Massachusetts Already Has Romney/Obama Care. Massachusetts Physicians Prefer Single-Payer


Earlier today, Dr. Walter Trou referred to a survey of Massachusetts physicians where 34% supported moving to a single-payer system. Dr. Trou , a former Philadelphia Health Commissioner, also is a board member of Healthcare4AllPA and Physicians for a National Health Plan (PNHP).

I found the study that was conducted in 2010,  as well as the 2011 study that is now out.

The survey is in a pdf format that does not permit copying (you can print it or down load it though).  I’ve summarized the findings that are of value to single-payer advocates, and they are attached.  The url for both the 2010 and 2011 studies are at the end.

This study, like many others that have preceded it, does not bode well for the Massachusetts health law that passed in 2006, nor for the national Affordable Care Act, upon which it is based.

Here are some highlights:

  • The sample of 1,071 Massachusetts physicians from all parts of the state and representing every specialty were asked which of four healthcare options they preferred as the U.S. health care system. 41% chose single-payer, up from 34% in 2010.  A combination public/private plan came in a distant second at 23% (down from 32% in 2010); and far behind at 17% was the Affordable Care Act, “modeled after the Massachusetts health reform law of 2006.”  15% preferred to keep the existing mix of private and public health care.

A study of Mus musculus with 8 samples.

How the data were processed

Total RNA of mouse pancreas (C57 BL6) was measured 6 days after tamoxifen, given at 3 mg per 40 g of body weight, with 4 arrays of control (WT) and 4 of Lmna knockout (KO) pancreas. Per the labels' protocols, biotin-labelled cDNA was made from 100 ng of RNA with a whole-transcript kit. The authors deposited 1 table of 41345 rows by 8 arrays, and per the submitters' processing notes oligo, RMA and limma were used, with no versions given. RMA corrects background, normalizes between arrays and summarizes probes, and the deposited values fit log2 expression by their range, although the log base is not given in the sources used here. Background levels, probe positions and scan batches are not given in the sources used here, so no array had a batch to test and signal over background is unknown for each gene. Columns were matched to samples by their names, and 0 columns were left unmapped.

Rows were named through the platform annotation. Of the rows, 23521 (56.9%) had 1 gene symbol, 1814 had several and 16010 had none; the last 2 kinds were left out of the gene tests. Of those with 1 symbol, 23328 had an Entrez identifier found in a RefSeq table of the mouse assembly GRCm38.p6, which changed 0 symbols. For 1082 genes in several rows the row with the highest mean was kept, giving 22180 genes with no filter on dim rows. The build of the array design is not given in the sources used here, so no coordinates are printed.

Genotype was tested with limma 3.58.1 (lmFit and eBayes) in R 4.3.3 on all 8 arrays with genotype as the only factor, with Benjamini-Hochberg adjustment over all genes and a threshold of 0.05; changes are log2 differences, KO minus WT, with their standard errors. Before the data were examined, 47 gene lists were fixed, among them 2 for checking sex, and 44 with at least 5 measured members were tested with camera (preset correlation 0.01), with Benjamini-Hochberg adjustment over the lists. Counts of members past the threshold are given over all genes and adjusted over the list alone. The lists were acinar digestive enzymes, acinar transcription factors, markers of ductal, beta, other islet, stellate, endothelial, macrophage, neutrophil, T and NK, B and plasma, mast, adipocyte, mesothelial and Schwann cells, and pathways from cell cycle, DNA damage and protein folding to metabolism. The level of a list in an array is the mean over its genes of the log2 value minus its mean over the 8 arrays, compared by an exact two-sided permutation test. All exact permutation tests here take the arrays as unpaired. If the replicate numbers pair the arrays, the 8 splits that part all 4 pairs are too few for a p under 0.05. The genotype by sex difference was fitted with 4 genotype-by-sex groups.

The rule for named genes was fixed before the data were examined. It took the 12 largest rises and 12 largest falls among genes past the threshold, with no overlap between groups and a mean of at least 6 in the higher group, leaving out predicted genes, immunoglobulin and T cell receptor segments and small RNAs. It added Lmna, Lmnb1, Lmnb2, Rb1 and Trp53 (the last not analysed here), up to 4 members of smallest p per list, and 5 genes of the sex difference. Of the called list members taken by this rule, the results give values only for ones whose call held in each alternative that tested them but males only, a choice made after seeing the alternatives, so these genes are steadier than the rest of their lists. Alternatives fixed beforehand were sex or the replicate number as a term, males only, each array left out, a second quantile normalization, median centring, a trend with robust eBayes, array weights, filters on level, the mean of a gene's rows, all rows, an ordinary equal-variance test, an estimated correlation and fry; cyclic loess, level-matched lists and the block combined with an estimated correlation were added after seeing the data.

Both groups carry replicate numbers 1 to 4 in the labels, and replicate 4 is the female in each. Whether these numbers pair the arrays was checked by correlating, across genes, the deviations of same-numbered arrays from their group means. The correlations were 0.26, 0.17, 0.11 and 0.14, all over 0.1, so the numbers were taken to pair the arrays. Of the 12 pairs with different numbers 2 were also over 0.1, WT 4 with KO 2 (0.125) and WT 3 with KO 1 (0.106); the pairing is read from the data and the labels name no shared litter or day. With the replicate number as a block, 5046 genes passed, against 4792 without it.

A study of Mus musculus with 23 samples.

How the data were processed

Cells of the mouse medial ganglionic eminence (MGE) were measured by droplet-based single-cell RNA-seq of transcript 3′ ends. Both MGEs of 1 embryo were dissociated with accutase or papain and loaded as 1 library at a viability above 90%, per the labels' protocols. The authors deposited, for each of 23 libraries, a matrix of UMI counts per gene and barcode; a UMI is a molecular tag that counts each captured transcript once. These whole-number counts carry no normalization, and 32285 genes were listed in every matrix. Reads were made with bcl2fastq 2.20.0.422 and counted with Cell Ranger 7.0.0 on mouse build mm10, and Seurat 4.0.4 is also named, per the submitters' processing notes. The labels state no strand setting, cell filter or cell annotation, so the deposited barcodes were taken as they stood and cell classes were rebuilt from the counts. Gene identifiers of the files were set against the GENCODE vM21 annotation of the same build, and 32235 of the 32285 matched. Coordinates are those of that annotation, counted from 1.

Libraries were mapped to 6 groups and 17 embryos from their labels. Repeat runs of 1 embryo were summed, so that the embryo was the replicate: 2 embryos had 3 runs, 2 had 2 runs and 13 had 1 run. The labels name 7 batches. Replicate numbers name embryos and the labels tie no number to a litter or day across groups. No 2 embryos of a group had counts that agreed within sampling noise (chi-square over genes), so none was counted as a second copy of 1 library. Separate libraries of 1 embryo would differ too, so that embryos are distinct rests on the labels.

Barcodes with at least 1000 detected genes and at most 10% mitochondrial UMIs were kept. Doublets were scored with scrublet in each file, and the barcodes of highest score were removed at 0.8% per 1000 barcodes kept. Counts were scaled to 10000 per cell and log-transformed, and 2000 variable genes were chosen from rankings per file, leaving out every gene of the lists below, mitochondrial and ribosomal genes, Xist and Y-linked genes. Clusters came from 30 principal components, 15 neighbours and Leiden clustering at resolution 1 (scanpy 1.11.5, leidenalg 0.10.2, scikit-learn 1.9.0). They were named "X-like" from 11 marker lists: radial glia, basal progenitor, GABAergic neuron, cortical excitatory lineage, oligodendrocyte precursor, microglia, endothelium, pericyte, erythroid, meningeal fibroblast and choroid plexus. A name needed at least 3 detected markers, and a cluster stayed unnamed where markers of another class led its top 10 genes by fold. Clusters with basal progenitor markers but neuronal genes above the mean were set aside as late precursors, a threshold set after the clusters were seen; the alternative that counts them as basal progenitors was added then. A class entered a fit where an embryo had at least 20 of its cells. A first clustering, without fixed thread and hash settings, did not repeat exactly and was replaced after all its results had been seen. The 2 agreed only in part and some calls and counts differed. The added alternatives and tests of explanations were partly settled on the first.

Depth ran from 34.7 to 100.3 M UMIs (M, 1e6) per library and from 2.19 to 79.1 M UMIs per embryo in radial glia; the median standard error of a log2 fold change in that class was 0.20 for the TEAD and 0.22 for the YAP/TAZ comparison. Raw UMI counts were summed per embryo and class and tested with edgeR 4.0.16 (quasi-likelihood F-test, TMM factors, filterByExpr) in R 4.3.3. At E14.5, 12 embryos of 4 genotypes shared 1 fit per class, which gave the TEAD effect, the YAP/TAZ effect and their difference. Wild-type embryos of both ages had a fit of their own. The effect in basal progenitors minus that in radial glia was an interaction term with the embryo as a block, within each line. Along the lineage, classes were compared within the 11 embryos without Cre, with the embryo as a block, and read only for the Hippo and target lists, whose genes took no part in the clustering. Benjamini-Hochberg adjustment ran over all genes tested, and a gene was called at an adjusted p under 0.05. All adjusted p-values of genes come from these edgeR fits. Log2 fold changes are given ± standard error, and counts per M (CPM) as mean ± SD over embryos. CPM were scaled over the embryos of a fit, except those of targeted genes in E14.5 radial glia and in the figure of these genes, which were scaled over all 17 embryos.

• Among younger physicians the support for single-payer was strongest.  45% of 30-39 year-old physicians opted for single-payer versus only 15% who want the Massachusetts cloned Affordable Care Act.
  • 49% of Primary Care physicians and 47% of Pediatricians prefer single-payer.  34% of Specialists do.
  • Support for single-payer ranges between a low of 16.7% (orthopedic surgeons) to 51.9% of Neurologists.
  • Patient wait times are a big problem in Massachusetts with average wait time of 36 days for an appointment for new patients.
  • 47% of family physicians are not accepting new patients resulting in growing access problems even for those who are newly insured.
  • Depending upon specialty, between 24% and 65% of physicians do not accept Commonwealth Choice, the subsidized healthcare insurance.
  • Between 22% and 57% of physicians do not accept Commonwealth Care, the Massachusetts equivalent of the Exchanges in the Affordable Care Act.

Consider these findings in the light of other studies that reveal that health insurance premiums in Massachusetts are the highest in the nation and are increasing faster than the national average.

You might well wonder whether modeling our national health care plan after the Massachusetts plan is really such a good idea.